Claus Meyer, the Danish restaurateur and entrepreneur, never sits still. There was Noma in Copenhagen that stole the foodie limelight for a number of years with chef Rene Redzepi. And then there is the intensely genius Gustu in La Paz, Bolivia that finally brought attention to the tiny South American country’s cuisine, and which we featured in our article 10 Of the Most Interesting Restaurants in the World.
And the maestro himself opened the Great Northern Food Hall in the old arrivals hall of Grand Central Station in Manhattan, not so long ago. And with that came a grain bar serving porridges, granola and beer, a bakery, an open face sandwich station, a vegetable driven pavilion with salads, juices and small plates, a full deli, a bar to linger for longer and of course, a glorious coffee shop, called Brownsville Roasters.
The beans were being roasted in Red Hook at Pulley Collective (coffee central in Brooklyn if you will) and are now being roasted in Brownsville (a much neglected neighborhood of the city).
“We’re thrilled to be in the historic Vanderbilt Hall in Grand Central Terminal – a location that sees thousands of New Yorkers and visitors each day,” says Omar Maagaard, the Head Barista and Roaster. “And our name actually comes from the non-profit project in Brownsville in Brooklyn that brings a culinary school and community center to the neighborhood.” he continues.
But does the city need another coffee shop? Of course it does! And this time it comes with a Nordic culture that absolutely nobody tires of. “We want our coffee venues to be places where people can come in and learn more about coffee in an inclusive way and we can share our interest with them,” shares Maagaard, who got his passion for “black gold” behind the counter of his father’s coffee shop, TriBeca Espresso Bar, in Copenhagen. “We want to be approachable ”
But that is the Claus Meyer way. He, with every project, includes you in the process in an open handed “edification” kind of way. But he is also an advocate for the full picture, not just another restaurant, but expressing real food concerns and telling a much more complete story.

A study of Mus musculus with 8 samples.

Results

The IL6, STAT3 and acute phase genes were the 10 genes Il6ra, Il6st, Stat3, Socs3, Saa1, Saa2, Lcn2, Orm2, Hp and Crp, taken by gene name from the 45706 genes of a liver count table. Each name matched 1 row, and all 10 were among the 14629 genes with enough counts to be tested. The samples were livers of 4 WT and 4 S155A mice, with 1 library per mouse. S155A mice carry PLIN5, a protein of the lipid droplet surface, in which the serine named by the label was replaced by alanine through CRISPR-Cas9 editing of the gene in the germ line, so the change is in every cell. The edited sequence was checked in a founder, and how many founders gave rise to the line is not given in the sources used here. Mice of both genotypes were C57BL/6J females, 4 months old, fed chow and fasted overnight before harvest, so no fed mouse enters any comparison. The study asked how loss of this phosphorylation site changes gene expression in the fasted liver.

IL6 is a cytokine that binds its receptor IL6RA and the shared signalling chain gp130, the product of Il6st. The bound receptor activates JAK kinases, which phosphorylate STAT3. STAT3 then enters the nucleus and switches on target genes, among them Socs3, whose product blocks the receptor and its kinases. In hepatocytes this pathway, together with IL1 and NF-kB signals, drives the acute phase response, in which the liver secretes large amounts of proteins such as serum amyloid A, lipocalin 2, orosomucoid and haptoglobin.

“It’s a culinary immigration story, where we take a seed from home, but plant it here – for instance growing old Nordic grains in the fields of New Jersey and Connecticut, fermenting Hudson Valley milk with lactic bacteria from Iceland and Denmark”, says Claus.
And so his coffee venture follows the same gauge, plus ethos. “I really feel it’s important that we as an industry address this process of becoming completely sustainable and also working towards eradicating roya (Hemileia vastatrix, the coffee fungus),” says Maagard. “It’s amazing to hear how many people actually don’t realize that coffee is under siege from roya and we really want to tell the consumers about this issue so we can actually have a future with delicious coffee from all over and spread coffee love — and high fives.”
But of course, with a venue like Grand Central many less knowledgeable folks are roaming its halls and waiting for their trains –- so, then, the perfect venue to reveal to people how to enjoy a cup, plus take coffee a little more seriously.
“We’re really excited about bringing the same attention to coffee as people give to wine, chocolate, and fine dining — to treat the coffee bean as the seasonal produce it is and to really highlight the diversity of each bean and roast them in a way that brings out their unique characteristics,” says Maagard. “This has always been a passion of Claus’, and was the foundation of the coffee movement he started with Estate Coffee.”
So a throwback. Estate Coffee, a coffee operation launched by Claus Meyer and a friend, Soren Sylvest, in 1996 with a mission to shake up the national coffee industry in Denmark, is one of the places where Maagard earned his chops. “Estate Coffee happened to be located on the other side of the building I grew up in and was a place I always wanted to work at, having had coffees made by awesome people such as Klaus Thomsen, who won the world barista championship in 2006,” shares Maagard, a touch wonkily.
And Maagard, an educator at heart, wants to instill that same fervency to his band of baristas. “I want to create an environment where the staff wants to and is urged to learn more about coffee, regardless of how much background knowledge they may already have,” says Maagard.
And part of this methodology is explaining to New Yorkers that a lighter roast is very much worth trying out. “What we’ve been referring to as ‘Nordic-style coffee’ – it’s more nuanced, and definitely less bitter – is something many New Yorkers are not as familiar with,” says Maagard. “We’re also bringing that Danish coffee shop feel, the hygge vibe, which is very Danish and communicates the idea of coming together for a meal or a great cup of coffee, for instance. I just want to expand people’s minds.”
Visit the coffee pavilion inside the Great Northern Food Hall at Grand Central Station.